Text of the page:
Illicit past adds allure in Soho

Former madam's home in red-light district one of only former brothels left
By Anna King | December 30, 2008 05:10PM

In Soho, near high-end boutiques like Chanel, La Perla and Movado is 105 Mercer Street, a three-story house with a wholesome-looking green-and-white façade that belies a distinctly bawdy past.

The small home, located between Prince and Spring streets and built around 1899, was reputed to have once been a house of prostitution owned by a madam named Cinderella Marshall, according to the property listing.

The building, on the market for six months, changed hands in June for $3.55 million above its asking price of $3.5 million.

Granted, the sale occurred before the residential market froze up at the end of the summer. But the sale attracted enormous interest, according to Nancy Guo of Massey Knakal, who sold the building.

The listing noted it was once one of many “houses of pleasure” that lined Mercer Street in the 19th century, when “Soho was New York’s largest red-light district.”

However, while 105 Mercer once had company as a former “house of pleasure” in the neighborhood, that’s no longer the case. While the Apex Art gallery at 291 Church Street is located within a building that used to be a brothel, other former brothels in the area — such as 54 Leonard Street, which was also owned by Cinderella Marshall — are no longer standing.

Guo said the building attracted more interest than anything else in the realtor’s books since it was “a strange item in the neighborhood. There are not a lot of townhouses in Soho, and the size is small — so, based on a residential price per square foot, it’s a bit high in terms of the market.”

According to PropertyShark.com, the building has 1,875 square feet on a lot that is 19 by 25 feet.

Located within the Soho cast-iron historic district, 105 Mercer has original fireplaces in the living room and walk-in kitchen. The front doorway, surrounded by columns and with a fanned arch above, framing a glass panel, is also original.

The rest of the building, though, was completely renovated between 2003 and 2006. There are four rooms, each on a separate floor, and three baths.

The previous owner had used the building as a single-family living space, with the kitchen and living room on the top floor, a master bedroom on the second floor and a guest room on the lower level.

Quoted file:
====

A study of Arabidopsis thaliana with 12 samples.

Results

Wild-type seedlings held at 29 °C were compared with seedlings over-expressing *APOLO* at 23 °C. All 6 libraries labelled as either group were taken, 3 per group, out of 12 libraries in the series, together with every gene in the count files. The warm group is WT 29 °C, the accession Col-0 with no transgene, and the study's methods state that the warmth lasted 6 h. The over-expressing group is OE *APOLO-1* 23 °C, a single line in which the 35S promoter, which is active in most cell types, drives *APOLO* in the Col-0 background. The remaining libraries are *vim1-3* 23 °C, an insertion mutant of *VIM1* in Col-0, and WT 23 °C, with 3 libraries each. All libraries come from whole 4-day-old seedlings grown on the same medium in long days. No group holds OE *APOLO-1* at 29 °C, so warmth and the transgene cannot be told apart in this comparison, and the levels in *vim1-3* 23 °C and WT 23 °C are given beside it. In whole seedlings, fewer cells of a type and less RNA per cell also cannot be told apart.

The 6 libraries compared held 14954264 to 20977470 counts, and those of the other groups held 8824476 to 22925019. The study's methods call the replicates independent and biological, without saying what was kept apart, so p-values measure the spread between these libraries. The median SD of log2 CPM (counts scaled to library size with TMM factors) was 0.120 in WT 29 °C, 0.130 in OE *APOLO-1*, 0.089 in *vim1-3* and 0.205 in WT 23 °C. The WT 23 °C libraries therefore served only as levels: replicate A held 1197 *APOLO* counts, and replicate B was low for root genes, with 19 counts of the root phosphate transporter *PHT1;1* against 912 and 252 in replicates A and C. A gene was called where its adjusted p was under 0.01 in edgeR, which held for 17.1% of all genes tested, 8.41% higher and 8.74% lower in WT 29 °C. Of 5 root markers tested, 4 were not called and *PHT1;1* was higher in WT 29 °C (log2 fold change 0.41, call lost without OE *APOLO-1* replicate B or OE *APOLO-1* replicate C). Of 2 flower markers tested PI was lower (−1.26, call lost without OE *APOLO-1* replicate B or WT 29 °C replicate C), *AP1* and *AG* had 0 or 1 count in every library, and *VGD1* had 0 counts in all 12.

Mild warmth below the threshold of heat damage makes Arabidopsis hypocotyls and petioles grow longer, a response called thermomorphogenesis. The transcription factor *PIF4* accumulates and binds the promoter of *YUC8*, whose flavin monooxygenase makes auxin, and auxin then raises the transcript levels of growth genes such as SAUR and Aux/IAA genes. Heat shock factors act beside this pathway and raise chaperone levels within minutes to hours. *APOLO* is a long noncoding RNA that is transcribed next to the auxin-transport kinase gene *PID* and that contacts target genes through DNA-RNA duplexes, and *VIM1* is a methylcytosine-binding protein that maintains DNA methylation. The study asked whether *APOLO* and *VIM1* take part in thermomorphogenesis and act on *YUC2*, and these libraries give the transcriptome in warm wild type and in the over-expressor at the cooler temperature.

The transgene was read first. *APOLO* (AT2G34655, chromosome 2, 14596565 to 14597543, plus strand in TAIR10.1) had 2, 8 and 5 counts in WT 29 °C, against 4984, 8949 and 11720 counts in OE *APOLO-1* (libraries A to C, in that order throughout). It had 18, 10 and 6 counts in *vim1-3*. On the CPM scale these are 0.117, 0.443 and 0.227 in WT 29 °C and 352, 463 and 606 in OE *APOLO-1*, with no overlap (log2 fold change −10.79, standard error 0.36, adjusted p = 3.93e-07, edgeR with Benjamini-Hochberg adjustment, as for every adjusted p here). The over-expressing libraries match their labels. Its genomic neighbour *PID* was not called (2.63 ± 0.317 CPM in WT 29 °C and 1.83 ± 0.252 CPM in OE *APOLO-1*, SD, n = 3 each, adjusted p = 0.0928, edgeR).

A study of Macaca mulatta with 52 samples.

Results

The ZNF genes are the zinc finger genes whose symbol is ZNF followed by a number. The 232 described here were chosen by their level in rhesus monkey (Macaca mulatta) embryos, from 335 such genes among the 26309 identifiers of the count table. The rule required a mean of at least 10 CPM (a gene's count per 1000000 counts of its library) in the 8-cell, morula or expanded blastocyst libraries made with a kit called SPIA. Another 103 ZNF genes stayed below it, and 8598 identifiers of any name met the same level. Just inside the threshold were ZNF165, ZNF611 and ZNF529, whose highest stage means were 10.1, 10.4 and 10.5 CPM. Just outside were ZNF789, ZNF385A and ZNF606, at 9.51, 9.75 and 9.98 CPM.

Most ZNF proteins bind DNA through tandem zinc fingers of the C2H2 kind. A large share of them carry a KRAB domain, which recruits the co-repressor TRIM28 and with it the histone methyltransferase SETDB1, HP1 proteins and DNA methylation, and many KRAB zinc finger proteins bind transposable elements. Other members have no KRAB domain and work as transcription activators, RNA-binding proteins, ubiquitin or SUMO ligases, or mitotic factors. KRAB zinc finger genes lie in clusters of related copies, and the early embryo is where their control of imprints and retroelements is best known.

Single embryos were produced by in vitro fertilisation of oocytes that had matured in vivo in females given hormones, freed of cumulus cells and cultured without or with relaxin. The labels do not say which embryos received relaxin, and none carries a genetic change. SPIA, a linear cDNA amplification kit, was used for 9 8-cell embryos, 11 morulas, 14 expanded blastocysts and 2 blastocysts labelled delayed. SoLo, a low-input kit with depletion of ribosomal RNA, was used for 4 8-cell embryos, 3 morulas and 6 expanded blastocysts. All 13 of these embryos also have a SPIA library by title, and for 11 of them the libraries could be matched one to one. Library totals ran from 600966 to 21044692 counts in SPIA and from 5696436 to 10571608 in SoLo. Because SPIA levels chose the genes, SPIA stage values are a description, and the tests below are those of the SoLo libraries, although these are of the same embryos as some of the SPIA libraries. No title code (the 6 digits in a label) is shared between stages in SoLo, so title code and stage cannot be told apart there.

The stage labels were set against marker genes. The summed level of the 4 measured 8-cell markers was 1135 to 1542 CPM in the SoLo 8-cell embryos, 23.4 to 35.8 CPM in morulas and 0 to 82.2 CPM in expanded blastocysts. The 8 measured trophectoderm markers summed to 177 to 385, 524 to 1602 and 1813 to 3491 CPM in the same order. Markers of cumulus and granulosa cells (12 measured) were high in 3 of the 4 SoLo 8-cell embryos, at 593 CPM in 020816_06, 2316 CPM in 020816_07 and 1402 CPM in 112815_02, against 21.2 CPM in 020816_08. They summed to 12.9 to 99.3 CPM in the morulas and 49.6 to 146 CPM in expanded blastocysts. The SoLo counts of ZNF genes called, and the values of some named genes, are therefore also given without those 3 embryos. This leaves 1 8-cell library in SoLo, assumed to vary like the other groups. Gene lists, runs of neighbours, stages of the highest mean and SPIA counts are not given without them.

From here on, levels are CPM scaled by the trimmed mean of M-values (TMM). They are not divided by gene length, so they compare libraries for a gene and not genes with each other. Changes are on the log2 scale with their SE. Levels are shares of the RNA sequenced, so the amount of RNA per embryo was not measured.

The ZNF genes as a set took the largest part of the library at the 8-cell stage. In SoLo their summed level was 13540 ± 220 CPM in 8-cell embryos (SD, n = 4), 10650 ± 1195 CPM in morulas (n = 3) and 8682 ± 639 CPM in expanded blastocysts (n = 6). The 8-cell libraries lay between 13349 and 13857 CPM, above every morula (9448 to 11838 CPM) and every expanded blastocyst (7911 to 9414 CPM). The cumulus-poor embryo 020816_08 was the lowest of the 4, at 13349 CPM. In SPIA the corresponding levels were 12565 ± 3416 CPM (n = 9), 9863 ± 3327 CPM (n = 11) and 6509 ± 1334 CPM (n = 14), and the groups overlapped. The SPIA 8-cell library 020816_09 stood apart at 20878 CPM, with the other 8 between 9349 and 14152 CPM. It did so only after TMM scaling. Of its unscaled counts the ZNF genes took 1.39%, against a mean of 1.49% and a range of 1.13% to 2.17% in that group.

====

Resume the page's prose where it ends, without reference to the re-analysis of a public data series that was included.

The basement, which is half above grade, was used as another bedroom.

It’s not clear how the current owner intends to use the building. Efforts to reach the owner via broker Brian Lover of Corcoran were unsuccessful.

The 19th-century ladies of the night, however, might not recognize the place today. The deck and garden on the roof didn’t exist before the renovations, nor did the cedar-lined walk-in closet in the master bedroom.

Although originally named for the cloth traders who built their businesses in the area, Mercer Street could easily have been named Bordello Street in the late 1800s. While the world’s oldest profession began its life in New York City around the docks, it quickly spread into the growing tenements and slums of the area just west of Broadway.

Timothy Gilfoyle, a professor of history at Loyola University in Chicago, wrote about New York’s burgeoning sex trade in “City of Eros: New York City, Prostitution and the Commercialization of Sex, 1790 to 1920.” He wrote that around 200 brothels existed in the 1820s, but the number rose to around 500 by the end of the Civil War. Landlords seemed to welcome them because they could easily make rent.

Marilyn Stults, a historian, conducts a walking tour that offers a glimpse into the seedier past of 19th- and early 20th-century New York. Stults said, “One of the reasons why the Soho neighborhood became a red-light district in the 19th century is that this formerly residential neighborhood went industrial around the late 1840s.”

After that point, “most of the houses were replaced by loft buildings, which were either factories or warehouses, many with stores on the ground floor, and any remaining houses became upscale brothels.”

According to Stults, “You can be sure that any buildings that are still standing in Soho that were obviously built as houses (rather than lofts) were at some point brothels.”

It’s a fact that, in a strange twist of history, seems to add to their allure today.